29.6.12

Driving on the right.


Listening en inglés. Most of the world started to drive on the right in the 20th century.  

   Map of left and right driving countries                         A teamster wagon

In a previous podcast I talked about the time when most of the world drove on the left hand side of the road. Today, however, about three quarters of the world drive on the right. So, why did it change?

Well at first in the USA people, like in the rest of Europe used to ride on the left, although in those days the rules did not seem to be as strict as they are today. But then something happened.

In the the late 18th century the wagons transporting goods became bigger and bigger. They were called teamsters because they had a team of horses pulling them. The driver would typically sit on the rear left horse. This allowed him to easily drive a whole team of horses with the whip in his right hand. So as the driver sat on the left he wanted people to pass him on the left. Result -you drove on the right. Pennsylvania passed the first right hand drive act in 1792

The French Revolution of 1789 gave a huge impetus to right-side travel in Europe. Before the Revolution, the aristocracy travelled on the left of the road, forcing the peasantry over to the right, but after the storming of the Bastille aristocrats preferred to keep a low profile and joined the peasants on the right. An official keep-right rule was introduced in Paris in 1794.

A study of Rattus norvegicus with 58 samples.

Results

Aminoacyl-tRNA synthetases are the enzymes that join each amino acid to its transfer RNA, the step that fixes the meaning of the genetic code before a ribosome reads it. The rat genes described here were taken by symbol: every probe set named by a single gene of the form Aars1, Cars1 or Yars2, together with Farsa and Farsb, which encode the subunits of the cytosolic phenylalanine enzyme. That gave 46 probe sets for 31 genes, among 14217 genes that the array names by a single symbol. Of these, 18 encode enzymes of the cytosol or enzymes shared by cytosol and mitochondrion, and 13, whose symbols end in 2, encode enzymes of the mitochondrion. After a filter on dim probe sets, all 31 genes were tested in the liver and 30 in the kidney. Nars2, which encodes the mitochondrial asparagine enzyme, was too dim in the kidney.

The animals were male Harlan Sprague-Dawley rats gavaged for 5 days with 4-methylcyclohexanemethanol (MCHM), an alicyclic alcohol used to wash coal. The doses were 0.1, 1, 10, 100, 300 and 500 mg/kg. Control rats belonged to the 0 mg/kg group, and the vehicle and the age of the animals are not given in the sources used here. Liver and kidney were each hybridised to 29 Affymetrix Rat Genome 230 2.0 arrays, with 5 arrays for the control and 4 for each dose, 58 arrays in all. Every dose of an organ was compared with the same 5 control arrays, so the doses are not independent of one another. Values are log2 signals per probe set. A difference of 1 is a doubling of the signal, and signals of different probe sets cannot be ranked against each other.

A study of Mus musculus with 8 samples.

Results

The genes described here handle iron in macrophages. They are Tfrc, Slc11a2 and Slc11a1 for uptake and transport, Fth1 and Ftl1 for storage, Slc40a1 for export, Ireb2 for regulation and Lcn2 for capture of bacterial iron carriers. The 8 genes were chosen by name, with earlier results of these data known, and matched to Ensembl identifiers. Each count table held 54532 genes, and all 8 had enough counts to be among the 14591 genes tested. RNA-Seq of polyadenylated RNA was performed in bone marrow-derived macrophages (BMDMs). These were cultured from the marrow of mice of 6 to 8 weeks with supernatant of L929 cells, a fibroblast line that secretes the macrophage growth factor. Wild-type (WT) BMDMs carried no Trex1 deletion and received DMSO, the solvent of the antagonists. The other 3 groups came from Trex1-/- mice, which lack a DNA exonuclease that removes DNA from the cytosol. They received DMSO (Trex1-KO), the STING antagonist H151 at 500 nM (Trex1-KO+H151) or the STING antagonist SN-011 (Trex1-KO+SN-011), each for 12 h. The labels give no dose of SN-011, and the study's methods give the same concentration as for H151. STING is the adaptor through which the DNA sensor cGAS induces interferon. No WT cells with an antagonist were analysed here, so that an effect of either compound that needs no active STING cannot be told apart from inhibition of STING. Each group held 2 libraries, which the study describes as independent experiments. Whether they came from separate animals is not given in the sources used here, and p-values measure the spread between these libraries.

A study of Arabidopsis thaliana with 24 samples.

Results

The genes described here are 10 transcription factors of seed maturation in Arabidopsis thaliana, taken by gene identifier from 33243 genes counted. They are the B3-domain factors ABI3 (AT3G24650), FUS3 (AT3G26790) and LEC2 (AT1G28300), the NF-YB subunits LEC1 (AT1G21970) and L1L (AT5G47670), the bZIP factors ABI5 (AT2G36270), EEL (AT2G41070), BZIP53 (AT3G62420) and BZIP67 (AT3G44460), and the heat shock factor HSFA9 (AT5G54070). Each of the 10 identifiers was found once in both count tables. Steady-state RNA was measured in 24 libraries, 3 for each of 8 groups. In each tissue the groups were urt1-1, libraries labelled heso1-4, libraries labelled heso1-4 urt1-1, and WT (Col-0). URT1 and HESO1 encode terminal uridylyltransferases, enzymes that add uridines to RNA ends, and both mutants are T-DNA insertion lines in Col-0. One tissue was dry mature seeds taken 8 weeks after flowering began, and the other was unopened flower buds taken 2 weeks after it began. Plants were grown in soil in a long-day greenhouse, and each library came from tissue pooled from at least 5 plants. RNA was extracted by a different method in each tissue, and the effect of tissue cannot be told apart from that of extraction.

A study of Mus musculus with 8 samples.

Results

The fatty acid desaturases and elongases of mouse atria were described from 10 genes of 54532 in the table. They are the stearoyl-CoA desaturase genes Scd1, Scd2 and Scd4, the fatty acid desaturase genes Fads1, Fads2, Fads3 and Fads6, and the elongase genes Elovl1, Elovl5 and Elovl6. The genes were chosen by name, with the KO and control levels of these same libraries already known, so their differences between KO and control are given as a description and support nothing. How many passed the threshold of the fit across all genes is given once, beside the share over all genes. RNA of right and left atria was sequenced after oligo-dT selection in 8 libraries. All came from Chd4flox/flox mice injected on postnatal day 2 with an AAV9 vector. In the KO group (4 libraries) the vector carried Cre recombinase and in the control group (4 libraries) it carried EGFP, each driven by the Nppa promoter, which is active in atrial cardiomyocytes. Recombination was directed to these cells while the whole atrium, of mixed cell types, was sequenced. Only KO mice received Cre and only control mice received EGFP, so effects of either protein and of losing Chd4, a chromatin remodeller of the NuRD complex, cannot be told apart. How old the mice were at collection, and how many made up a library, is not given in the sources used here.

Later, Napoleon's conquests spread the new right rule to Belgium, the Netherlands and Luxembourg, then Switzerland, Germany, Poland, Russia and many parts of Spain and Italy.

The states that resisted Napoleon kept left, Britain, the Austro-Hungarian Empire and Portugal. This European division, between the left and right-hand nations would remain fixed for more than 100 years, until after the First World War.

Then, during the Second World War that there was another big push towards right-hand driving, especially in Europe. The Nazis forced the counties they had dominated to adopt  the right-hand rule.

When the Pan American Highway from Alaska to Cape Horn was planned in the 1930s it was decided that people should drive on the same side for its entire length. The side that was chosen was the right and this further consolidated right hand drive throughout the Americas.

Vocabulario:
used to - solía
used to ride on the left. - solía conducir a la izquierda.

wagons - carros, carretas

goods - mercancías

rear - trasero, posterior

whip - fusta

impetus - impulso

aristocracy - aristocracia

peasantry - poor people

the storming of the Bastille - la toma de la Bastille

a low profile - un perfil bajo

push - impulso

Curso ingles online. Listening en ingles.